We have officially surpassed the midpoint of summer. Sadly, just five weeks stand between us and the start of new faculty orientation, faculty meetings, and the slow build up to the start of the year. Between now and then, we will enjoy sunshine, warm temperatures, and regular swims in Elbow Pond. We will read, journal, and listen to all the podcasts we don’t have time for during the school year. We will take time to reflect on our work as educators and our role in influencing young people’s lives at Proctor.
One of the hidden joys of living in a learning community like Proctor is the constant intellectual stimulation by coworkers. Emails and texts fly back and forth, even during the deepest doldrums of summer, sharing innovative perspectives on education, learning, and our collective work at Proctor. Two such pieces floated through my sphere this week:
- A Hidden Brain podcast on the influence of brands on our identity.
- An essay by Cody Delistraty published on AEON titled “Why the Coming of Age Narrative is a Conformist Lie” .
Both pieces challenged my thinking, forced me to take a step back and re-evaluate not only our work creating communications and marketing content for Proctor, but our role as an independent, college-preparatory boarding school. I encourage you listen to the podcast and read the essay. Absorb the content within the context of Proctor and think critically about how our independence of thought has been compromised by a constant influx of media, marketing, images, and societal expectations. As a school that prides itself on helping to develop independent, critical-thinking young people, the cultural barriers we must overcome in pursuit of this goal are significant.
Shankar Vedantam’s interview with Americus Reed, a professor of marketing at the University of Pennsylvania, illuminates the power brands have on our identity, not just our behaviors, as consumers. He notes, “A brand is so much more than a tagline or a logo, it is more of a meaning system. Therefore, a brand is a promise to deliver on values, and to connect consumers who might have in their minds a sense of synchronicity to what they believe those values are.” Whether we like it or not, the shoes we wear, jackets we buy, the political party or the professional sports team with which we associate have successfully infiltrated our lives and have become a part of our identity. With each brand association, we willingly chip away at the objectivity with which we live our lives. We insulate ourselves from any attack on our identity, and in turn, hinder our ability to think independently about who we are and who we desire to become.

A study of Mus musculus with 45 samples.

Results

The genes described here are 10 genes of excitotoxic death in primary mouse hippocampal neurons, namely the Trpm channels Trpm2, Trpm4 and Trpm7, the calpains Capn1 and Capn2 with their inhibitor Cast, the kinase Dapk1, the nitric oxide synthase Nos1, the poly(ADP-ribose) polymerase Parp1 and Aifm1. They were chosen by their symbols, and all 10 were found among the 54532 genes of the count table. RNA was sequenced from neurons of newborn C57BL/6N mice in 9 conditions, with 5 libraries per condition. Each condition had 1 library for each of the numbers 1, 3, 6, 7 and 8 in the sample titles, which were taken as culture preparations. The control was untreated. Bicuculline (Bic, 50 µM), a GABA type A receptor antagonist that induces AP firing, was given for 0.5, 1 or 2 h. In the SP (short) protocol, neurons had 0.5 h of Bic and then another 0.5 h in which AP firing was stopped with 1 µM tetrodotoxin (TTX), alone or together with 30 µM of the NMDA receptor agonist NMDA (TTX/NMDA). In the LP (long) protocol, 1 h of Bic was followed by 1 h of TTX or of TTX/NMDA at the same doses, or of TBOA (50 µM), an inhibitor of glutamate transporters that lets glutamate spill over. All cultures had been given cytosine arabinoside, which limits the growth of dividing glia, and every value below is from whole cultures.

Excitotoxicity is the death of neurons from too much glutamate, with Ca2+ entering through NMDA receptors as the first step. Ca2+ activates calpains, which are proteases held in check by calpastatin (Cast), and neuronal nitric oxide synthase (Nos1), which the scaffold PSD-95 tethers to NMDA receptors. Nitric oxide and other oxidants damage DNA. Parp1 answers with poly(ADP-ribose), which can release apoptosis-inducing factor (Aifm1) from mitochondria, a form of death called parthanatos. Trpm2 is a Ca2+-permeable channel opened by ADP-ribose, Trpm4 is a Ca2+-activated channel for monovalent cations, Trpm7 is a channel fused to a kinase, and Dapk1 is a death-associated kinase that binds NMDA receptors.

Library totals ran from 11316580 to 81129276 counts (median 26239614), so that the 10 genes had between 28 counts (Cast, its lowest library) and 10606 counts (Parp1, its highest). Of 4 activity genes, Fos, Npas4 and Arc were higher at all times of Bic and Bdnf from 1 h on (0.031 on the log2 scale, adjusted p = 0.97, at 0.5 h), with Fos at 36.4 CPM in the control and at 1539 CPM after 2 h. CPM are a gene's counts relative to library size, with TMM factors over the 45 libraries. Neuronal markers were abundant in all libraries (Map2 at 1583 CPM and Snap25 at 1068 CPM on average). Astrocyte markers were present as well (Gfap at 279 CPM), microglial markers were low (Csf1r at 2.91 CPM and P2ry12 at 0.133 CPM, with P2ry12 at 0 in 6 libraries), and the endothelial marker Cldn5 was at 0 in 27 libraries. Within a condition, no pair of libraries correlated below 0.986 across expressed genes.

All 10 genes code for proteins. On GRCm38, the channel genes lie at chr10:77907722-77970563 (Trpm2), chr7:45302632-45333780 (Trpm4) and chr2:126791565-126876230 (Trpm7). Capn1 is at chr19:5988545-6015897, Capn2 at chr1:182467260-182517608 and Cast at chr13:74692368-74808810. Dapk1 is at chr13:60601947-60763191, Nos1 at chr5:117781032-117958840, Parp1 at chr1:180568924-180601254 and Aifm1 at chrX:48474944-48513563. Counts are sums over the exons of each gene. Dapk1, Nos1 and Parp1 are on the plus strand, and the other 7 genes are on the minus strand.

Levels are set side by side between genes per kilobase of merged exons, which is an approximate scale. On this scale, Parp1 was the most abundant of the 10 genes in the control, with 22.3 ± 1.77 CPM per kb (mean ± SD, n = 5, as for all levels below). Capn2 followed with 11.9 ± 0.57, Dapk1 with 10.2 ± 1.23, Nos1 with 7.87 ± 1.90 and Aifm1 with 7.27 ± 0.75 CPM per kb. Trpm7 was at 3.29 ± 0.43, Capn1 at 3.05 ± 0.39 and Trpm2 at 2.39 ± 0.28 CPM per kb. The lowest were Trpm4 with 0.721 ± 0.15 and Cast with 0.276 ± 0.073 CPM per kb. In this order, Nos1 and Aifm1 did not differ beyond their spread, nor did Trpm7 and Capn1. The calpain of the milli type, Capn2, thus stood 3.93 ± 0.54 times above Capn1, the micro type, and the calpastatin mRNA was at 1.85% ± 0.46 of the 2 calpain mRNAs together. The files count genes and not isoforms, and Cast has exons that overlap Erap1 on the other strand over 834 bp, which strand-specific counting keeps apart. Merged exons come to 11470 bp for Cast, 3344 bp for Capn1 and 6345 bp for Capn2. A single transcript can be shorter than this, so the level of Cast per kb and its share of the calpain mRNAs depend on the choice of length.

Cody Delistraty’s essay weaves a similarly pessimistic narrative around one of the principles central to most boarding school’s value propositions: the pursuit of self-discovery through coming of age experiences. Among the countless gems in Delistraty's piece is the following:
“The idea of there being a single ‘self’, hidden in a place that only maturity and adulthood can illuminate and which, like archaeologists, we might dig and dust away the detritus to find, is to believe that there is some inner essence locked within us – and that unearthing it could be a key to working out how to live the rest of our lives. This comforting notion of coming of age, of unlocking a true ‘self’ endures, even though it is out of step with current thinking in psychology, which denies a singular identity, and instead posits the idea of staged development, or an eternally malleable sense of self that shifts as we grow older, and with the uniqueness of our personal experience.”
Parents often wait with great anticipation for the ‘moment’ their child will come of age, but we have known for generations as educators that maturation is a slow, gradual process. There is no magical moment, no singular transformative experience. Sure, students who study abroad at Proctor see accelerated growth during their ten weeks off-campus. Yes, certain programs, classes, and relationships will inevitably serve as a catalyst for development. We know definitively adolescents who feel safe and surrounded by trust will be open to deeper learning. But most importantly, we believe every child, every human, is on their own unique journey through life with an identity as fluid as the experiences they will encounter. The years we share with our students are merely a piece of that journey.
The pressures we feel to grow up, to arrive, to have that transformative experience that will define us are creations of the identity-sucking brands that inundate us with powerful messaging. As a school, and as individuals, we must work to counter this narrative with one of independence of thought, where we are empowered to be ourselves, to live in the moment, and to enjoy each experience for what it is, and not for the impact we believe it might have on who society desires us to become. If our students graduate simply knowing they are enough, what a gift to our world that will be.